Facebook privacy threats lurking in new Graph Search: What to do about it

Protecting Facebook privacy is getting tougher as new features and policies make it easier to find information on all users of the social networking site. Here are some tips you can pass along to employees to help keep them safe. 

When Facebook’s Graph Search was first announced earlier this year, many privacy experts warned of the potential security implications.

Graph Search, essentially, is a search engine that allows users to search for key words and get results from their own social circle, rather than the Internet as a whole. IT security experts have argued that will make it easier to dig up information on people that can be used in phishing attacks and other scams.

Those fears became even more prevalent after Facebook announced it was removing the option to decide whether or not a profile could be found using Graph Search.

It’s not just users who should be heeding those warnings. Facebook privacy issues can be dangerous for businesses, too, as hackers often turn to social networks to try and steal important passwords from executives and other key people.

Help for phishing attacks

A recent security test showed how those hackers can use Graph Search to their advantage. A high-profile public figure in Hong Kong recently hired security firm Trustwave to see if his passwords could be stolen.

The researchers succeeded by launching a phishing attack using information gathered through Facebook’s Graph Search. Theydeveloped a tool called FBStalker that can help mine data from searches that can be used in those attacks.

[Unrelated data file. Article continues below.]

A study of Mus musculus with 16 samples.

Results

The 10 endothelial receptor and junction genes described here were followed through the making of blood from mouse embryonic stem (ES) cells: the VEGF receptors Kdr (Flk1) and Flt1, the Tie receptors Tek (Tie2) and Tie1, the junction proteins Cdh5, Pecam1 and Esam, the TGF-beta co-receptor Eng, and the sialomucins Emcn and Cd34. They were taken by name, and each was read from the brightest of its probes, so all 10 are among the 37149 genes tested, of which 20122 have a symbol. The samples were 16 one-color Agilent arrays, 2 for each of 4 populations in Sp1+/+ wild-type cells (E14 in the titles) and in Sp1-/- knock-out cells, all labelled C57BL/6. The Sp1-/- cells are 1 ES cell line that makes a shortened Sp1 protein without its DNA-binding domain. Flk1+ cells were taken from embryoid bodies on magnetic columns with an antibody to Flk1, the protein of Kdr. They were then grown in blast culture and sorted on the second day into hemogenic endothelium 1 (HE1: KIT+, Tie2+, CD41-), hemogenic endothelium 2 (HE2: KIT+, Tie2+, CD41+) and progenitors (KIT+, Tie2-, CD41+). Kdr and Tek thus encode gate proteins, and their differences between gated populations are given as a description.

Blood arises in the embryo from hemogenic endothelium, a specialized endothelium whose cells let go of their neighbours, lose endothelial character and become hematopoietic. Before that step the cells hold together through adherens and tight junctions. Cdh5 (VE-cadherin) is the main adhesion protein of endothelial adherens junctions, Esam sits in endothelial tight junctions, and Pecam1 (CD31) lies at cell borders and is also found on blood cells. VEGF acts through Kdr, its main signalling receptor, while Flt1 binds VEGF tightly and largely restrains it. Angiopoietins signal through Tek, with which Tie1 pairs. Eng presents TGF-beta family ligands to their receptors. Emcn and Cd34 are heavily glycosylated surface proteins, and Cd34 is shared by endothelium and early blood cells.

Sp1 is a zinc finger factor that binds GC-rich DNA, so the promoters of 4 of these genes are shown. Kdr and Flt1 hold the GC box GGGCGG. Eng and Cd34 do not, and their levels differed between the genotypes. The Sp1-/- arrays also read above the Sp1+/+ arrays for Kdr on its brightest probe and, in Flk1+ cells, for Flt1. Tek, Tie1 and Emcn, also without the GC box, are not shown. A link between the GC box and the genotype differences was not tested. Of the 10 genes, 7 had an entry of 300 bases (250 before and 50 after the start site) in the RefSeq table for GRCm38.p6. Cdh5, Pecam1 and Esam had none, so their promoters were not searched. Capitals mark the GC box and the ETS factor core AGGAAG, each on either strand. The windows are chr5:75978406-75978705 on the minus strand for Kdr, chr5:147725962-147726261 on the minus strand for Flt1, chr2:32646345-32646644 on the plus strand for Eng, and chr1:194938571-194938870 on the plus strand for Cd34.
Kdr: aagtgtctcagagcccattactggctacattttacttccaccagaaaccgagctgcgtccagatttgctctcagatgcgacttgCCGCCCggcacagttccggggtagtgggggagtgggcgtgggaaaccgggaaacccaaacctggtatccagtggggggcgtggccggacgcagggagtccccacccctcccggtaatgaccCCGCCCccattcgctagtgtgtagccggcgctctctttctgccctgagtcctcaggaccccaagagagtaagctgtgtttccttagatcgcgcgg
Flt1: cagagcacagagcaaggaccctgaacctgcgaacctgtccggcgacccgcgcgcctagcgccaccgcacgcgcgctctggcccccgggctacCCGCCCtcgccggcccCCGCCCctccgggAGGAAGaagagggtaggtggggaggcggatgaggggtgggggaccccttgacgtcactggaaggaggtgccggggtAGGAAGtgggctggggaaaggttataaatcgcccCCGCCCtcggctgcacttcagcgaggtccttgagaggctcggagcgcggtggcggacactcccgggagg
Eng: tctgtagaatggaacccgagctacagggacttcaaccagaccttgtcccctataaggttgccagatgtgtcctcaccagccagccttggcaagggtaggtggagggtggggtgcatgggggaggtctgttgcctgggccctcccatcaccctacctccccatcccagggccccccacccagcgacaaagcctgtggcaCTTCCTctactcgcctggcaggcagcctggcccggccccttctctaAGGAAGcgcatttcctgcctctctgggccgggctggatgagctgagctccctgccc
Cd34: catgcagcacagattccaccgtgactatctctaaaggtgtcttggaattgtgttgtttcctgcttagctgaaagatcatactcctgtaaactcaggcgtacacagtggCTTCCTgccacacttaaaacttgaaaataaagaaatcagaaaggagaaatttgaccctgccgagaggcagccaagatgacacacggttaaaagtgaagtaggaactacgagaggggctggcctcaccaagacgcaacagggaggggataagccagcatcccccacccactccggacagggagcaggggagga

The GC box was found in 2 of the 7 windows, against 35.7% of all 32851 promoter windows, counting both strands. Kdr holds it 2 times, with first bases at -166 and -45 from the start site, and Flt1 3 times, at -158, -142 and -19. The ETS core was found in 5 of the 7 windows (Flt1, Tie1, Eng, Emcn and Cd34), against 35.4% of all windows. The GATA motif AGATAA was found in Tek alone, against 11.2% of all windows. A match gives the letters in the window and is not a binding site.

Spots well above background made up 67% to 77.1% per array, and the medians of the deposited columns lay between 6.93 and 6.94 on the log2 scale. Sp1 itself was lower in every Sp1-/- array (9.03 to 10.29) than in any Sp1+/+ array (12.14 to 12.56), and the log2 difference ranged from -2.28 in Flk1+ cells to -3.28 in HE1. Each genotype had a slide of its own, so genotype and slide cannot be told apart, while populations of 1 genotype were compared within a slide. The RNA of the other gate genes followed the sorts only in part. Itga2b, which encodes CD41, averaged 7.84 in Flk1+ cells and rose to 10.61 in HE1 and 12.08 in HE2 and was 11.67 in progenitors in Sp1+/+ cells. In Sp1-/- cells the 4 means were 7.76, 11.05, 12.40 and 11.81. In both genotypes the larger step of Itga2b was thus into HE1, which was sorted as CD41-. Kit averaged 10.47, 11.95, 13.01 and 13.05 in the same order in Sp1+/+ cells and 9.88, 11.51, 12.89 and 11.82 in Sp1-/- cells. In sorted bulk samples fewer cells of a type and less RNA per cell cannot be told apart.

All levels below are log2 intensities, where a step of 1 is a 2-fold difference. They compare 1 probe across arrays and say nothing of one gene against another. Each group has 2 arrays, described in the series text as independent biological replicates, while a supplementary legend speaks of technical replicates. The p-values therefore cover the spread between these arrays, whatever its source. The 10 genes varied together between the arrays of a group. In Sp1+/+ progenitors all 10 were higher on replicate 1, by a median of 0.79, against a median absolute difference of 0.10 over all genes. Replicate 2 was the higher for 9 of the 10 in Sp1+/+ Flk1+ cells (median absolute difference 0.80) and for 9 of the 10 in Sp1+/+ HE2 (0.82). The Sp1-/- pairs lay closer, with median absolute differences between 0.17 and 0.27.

The point, Trustwave says, is that even when information in someone’s profile is hidden from the public, data can be gleaned from the person’s connections — for example, using photos and posts that others have tagged the target. Graph Search makes it easier and faster to find those details.

In the case of Trustwave’s Hong Kong client, the researchers were able to learn that his wife ran a Pilates studio and used that information to launch a phishing attack. That allowed them to install malware on a computer the two shared, which in turn gave them access to the client’s passwords.

Facebook privacy tips for users

Here are some tips you can pass along to users who are concerned about their Facebook privacy — it can also help protect sensitive company information:

  • Delete anything you want to be private. Of course, the first rule of social networking privacy still applies: If you absolutely don’t want anyone to see something, don’t post it.
  • Hide your profile from “friends of friends.” One issue pointed out by some observers is that Graph Search will be able to access data posted by people on their friends list – as well as people on their friends’ friends lists. To keep people they don’t know away from their data, users can find the privacy settings listing who can see info from their timeline and make sure “friends,” rather than “friends of friends” is selected.
  • Hide past posts. The step above will regulate who can see future posts, but Facebook privacy settings require users to set separate rules for what’s already there. Users can find the setting labeled “Limit the audience for old posts on your timeline” and make changes there.